Earlier this month, David Cameron, the Prime Minister, warned that “red warning lights are once again flashing on the dashboard of the global economy”, six years on from the economic crash that forced severe cost-cutting measures and stock write-downs on franchised dealers.
In an article in The Guardian newspaper, Cameron said: “The eurozone is teetering on the brink of a possible third recession, with high unemployment, falling growth and the real risk of falling prices too.”
So should UK franchised dealers be on standby to act? The economic crash of 2007/08 threw used car values into turmoil, with some dealer groups writing down premium SUVs and prestige saloons by more than £1,000 a month as worried consumers either stopped buying or bought the cars they could run most affordably.
There is some uncertainty ahead in 2015, with a general election in April and interest rate rises predicted if the UK’s economy remains resilient. However, the used car market experts AM has contacted believe any drama in the used car market is farther away on the horizon.
Data from the National Association of Motor Auctions (NAMA) shows that the growth in average used car values enjoyed over the past two years has slowed since July and is now almost at a standstill. Nevertheless, the average value of used cars in September 2014 was 13% ahead of September 2012, despite a 30% increase in sales volume. Robert Hester, editor of Black Book Plus at automotive intelligence firm CAP, said the used car market in 2014 has been very steady, and looking at 2012 and 2013 the markets were very similar. Hester believes there is no evidence to think used car values will crash in 2015.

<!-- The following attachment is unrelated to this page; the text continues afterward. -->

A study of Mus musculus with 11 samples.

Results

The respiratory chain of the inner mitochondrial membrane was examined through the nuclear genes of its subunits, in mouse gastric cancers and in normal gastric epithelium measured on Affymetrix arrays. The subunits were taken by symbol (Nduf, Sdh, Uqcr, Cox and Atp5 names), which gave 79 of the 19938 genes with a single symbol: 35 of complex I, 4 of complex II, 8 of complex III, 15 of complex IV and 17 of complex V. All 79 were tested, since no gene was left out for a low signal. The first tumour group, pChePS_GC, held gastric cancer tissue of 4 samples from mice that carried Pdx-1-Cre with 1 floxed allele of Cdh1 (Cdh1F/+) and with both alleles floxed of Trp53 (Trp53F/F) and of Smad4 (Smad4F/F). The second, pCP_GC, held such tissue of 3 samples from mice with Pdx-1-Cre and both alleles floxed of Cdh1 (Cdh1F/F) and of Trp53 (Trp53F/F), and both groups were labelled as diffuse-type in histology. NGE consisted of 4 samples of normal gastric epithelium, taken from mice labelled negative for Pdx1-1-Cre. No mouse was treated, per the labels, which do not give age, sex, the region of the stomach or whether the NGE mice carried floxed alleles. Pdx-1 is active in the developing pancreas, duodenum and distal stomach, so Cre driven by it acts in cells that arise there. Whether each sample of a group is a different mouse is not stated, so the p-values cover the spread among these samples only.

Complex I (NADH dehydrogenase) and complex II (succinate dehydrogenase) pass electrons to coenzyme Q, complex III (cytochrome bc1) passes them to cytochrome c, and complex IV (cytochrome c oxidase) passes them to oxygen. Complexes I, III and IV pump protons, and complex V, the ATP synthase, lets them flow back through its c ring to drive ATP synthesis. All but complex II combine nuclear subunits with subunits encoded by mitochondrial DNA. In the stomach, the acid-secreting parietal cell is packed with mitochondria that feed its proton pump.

However, he is less optimistic about 2016 onwards, given that the UK annual new car market will have remained above two million for four years by then. That equates to some 1.2m more 0-4 year old cars into the market by 2016 than were available during the 2008-2011 downturn.
The rise of the independents
Hester believes independent used car dealers may begin to compete more strongly in 2015.
During the downturn, many franchised dealers broadened their stock profiles to hold slightly older, higher mileage, lower value part-exchanges that appealed to the budget-constrained customer. That put significant pressure on independents, who were left to compete with each other at auctions for the used car stock that was available.